If you want a snapshot of the different speeds and approaches to broadband in the UK, look no further than this week’s Broadband Rollout Roundup. We’ve got everything from wireless 10 Gigabit broadband to naming more than 600,000 exchanges which will get their first taste of up-to-20Mbps broadband over the next 12 months.

This is Broadband Rollout Roundup for the week ending May 25, 2012.

BT engineers at work

10-Gig wireless broadband hits Macclesfield

Metronet UK this week switched on its latest network expansion, with up-to-10Gbps services arriving in Macclesfield.

The services are business-oriented and use a combination of point-to-point microwave and high speed radio connections.

Metronet says it can also install its systems much faster than BT or Virgin, because it doesn’t have to dig up roads to reach its customers.

Channel Island Jersey fitting gigabit FTTP

Some 42,000 homes and businesses in Jersey are set to benefit from an island-wide fibre-optic broadband network capable of up to 1Gbps.

The island’s 97,000 residents will completely replace the old copper phone network with optical fibre, with a £40m investment from the island’s government and Jersey Telecom.

Services will include a ‘basic’ 100Mbps down, 20Mbps up connection and a £60/month 1Gbps download top tier with 100Mbps uploads.

More than ¾ million homes to get faster up-to-20Mbps by Spring 2013

With so much attention focussed on super-fast broadband, it’s easy to remember that just getting into the up-to-20Mbps league is a boost for many communities.

This week BT Openreach announced that 762,000 homes and businesses will be able to get ‘faster’ broadband by Spring 2013.

For many areas, this paves the way to super-fast speeds above 24Mbps as their local authorities complete their own broadband upgrade plans.

The upgraded areas will also be able to get a better choice of broadband providers when their time comes:

  • Berkshire: 7,000 – Pangbourne and Wargrave
  • Buckinghamshire: 21,000 – Naphill, Penn, Radnage, Steeple Claydon, Wing and Iver
  • County Durham: 13,600 – Cockfield, Frosterley and Seaham
  • Cumbria: 61,200 – Arnside, Barrow-in-Furness, Brampton, Cleator Moor, Cockermouth, Keswick, Maryport, Walney Island, Wetheral and Windermere
  • East Sussex: 19,000 – Heathfield, Herstmonceux, Peacehaven and Pevensey Marina
  • Hampshire: 15,000 – Cadnam, Fair Oak, Sway, Wallop and Alton Bentley
  • Herefordshire: 2,000 – Burghill
  • Isle of Wight: 1,400 – Yarmouth
  • Lancashire: 22,300 – Forton, Hest Bank, Knott End-on-Sea, Longridge, Parbold, Turton, Whitworth and Upholland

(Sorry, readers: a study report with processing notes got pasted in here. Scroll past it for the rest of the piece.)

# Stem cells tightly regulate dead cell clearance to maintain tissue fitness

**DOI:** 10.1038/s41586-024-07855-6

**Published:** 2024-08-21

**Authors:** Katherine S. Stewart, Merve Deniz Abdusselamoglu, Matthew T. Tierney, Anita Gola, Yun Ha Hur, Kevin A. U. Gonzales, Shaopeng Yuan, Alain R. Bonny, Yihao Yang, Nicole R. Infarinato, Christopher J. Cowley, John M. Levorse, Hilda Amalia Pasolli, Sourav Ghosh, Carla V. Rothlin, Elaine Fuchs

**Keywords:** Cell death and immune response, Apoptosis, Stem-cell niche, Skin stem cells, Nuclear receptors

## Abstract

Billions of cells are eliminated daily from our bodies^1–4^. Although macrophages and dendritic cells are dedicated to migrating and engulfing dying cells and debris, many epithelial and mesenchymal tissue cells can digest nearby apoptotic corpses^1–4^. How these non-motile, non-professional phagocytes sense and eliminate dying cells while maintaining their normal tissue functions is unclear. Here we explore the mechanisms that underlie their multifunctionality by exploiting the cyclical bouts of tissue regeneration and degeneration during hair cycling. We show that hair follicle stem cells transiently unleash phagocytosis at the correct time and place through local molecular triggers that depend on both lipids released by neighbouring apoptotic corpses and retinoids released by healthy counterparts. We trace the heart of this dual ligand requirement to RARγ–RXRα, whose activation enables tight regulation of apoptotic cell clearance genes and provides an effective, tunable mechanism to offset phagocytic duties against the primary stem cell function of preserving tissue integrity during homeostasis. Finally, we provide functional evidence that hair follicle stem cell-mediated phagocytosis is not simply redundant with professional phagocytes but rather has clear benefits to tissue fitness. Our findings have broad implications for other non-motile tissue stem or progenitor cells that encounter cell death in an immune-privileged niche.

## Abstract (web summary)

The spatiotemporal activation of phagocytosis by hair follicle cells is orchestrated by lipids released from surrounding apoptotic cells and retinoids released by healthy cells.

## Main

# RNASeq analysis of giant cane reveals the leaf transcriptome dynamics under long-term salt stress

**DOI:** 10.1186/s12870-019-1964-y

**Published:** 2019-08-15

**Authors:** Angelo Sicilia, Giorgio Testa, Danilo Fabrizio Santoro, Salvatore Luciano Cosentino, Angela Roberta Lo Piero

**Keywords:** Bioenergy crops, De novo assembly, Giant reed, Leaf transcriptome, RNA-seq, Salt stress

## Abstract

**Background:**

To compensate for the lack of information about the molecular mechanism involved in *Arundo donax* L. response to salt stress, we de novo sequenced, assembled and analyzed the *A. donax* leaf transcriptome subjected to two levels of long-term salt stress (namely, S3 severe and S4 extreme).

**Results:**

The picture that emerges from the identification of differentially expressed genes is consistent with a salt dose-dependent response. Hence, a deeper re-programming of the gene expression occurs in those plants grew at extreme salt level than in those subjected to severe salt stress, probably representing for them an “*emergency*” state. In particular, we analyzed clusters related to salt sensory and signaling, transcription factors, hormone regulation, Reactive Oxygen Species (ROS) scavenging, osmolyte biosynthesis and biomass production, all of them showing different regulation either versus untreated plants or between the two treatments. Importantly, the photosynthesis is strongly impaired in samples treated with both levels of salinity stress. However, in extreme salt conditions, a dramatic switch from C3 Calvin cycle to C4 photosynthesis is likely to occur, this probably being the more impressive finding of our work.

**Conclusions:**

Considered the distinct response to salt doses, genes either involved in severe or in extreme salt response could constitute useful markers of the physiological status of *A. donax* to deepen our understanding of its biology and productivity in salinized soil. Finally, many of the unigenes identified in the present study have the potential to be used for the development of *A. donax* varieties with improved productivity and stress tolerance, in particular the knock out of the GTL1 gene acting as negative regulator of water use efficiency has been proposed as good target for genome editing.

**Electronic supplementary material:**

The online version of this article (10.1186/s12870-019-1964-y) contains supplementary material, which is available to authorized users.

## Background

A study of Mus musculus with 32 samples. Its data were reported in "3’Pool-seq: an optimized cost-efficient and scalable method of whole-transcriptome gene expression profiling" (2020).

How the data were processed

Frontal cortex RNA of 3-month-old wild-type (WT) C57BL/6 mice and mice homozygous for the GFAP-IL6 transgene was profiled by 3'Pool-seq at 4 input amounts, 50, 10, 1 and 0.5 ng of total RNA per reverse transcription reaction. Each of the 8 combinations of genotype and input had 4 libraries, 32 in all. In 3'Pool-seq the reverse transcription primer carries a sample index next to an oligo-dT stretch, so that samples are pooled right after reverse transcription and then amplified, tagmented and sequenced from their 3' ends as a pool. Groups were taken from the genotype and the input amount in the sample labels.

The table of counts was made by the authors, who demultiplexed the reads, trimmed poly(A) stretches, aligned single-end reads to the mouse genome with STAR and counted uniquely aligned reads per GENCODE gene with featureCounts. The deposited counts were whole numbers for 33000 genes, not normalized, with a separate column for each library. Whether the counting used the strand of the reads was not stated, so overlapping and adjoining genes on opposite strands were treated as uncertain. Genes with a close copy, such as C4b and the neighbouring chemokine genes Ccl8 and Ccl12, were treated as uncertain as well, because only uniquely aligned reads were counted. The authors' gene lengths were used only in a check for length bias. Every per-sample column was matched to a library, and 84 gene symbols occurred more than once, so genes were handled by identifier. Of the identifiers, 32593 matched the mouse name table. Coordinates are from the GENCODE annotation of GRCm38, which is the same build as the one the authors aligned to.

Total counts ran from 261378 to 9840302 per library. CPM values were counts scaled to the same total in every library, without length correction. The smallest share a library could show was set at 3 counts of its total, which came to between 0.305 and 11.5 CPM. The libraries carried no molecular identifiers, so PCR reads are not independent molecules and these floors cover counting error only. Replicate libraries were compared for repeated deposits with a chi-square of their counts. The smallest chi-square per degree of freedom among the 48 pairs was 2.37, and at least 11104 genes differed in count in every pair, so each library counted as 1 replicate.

• Kent: 33,000 – Benenden, Boughton, Brenchley, Chestfield, Langton, Leysdown, Lyminge, Minster Ramsgate, Otham, Sevington, Shorne, Sturry, Wingham and West Kingsdown
  • Merseyside: 8,700 – Billinge and Birkenhead
  • Milton Keynes: 5,200 – Woburn Sands
  • Northumberland: 22,500 – Morpeth, Prudhoe and Seaton Delaval
  • Oxfordshire: 6,000 – Burford, Steeple Aston and Checkendon
  • Scotland: 124,000 – Bo’ness, Brechin, Dumbarton, Elgin, Fochabers, Lockerbie, Scone and Tillicoultry
  • Shropshire: 5,200 – Cleobury Mortimer and Wem
  • South West England: 172,000 – Berkeley, Clevedon, Limpley Stoke, Lulsgate, Radstock, Tetbury and Westbury-on-Trym
  • Staffordshire: 5,100 – Brewood, Madeley and Weston
  • Surrey: 6,500 – Frensham and Wentworth
  • Warwickshire: 2,700 – Lapworth
  • West Sussex: 14,000 – Eastergate, Lindfield, Petworth, West Chiltington and Yapton
  • Wales: 101,000 – Aberkenfig, Dinas Powys, Fishguard, Llanwern, Magor, Abersoch, Hay-on-Wye, Llangefni and St Asaph
  • Worcestershire: 4,600 – Tenbury Wells and Wolverley
  • Yorkshire and the Humber: 89,000 – Pateley Bridge, Great Ayton, Watton, Bubwith, Askern and Hipperholme.

Surfing on the dock of the bay

One of England’s smallest broadband rollouts shows just how hard it’s going to be for big government plans to meet the needs of remote communities.

Robin Hood’s Bay in North Yorkshire has just 140 permanent residents, who can now get 10-12Mbps connections via a wireless broadband system.

The connection is brought in from Whitby, seven miles away, via a daisy-chain of towers, until it reaches the small seaside community.

The project has been funded by the Department of Farming and Rural Affairs through its Rural Development programme, and high speed internet provider NYnet.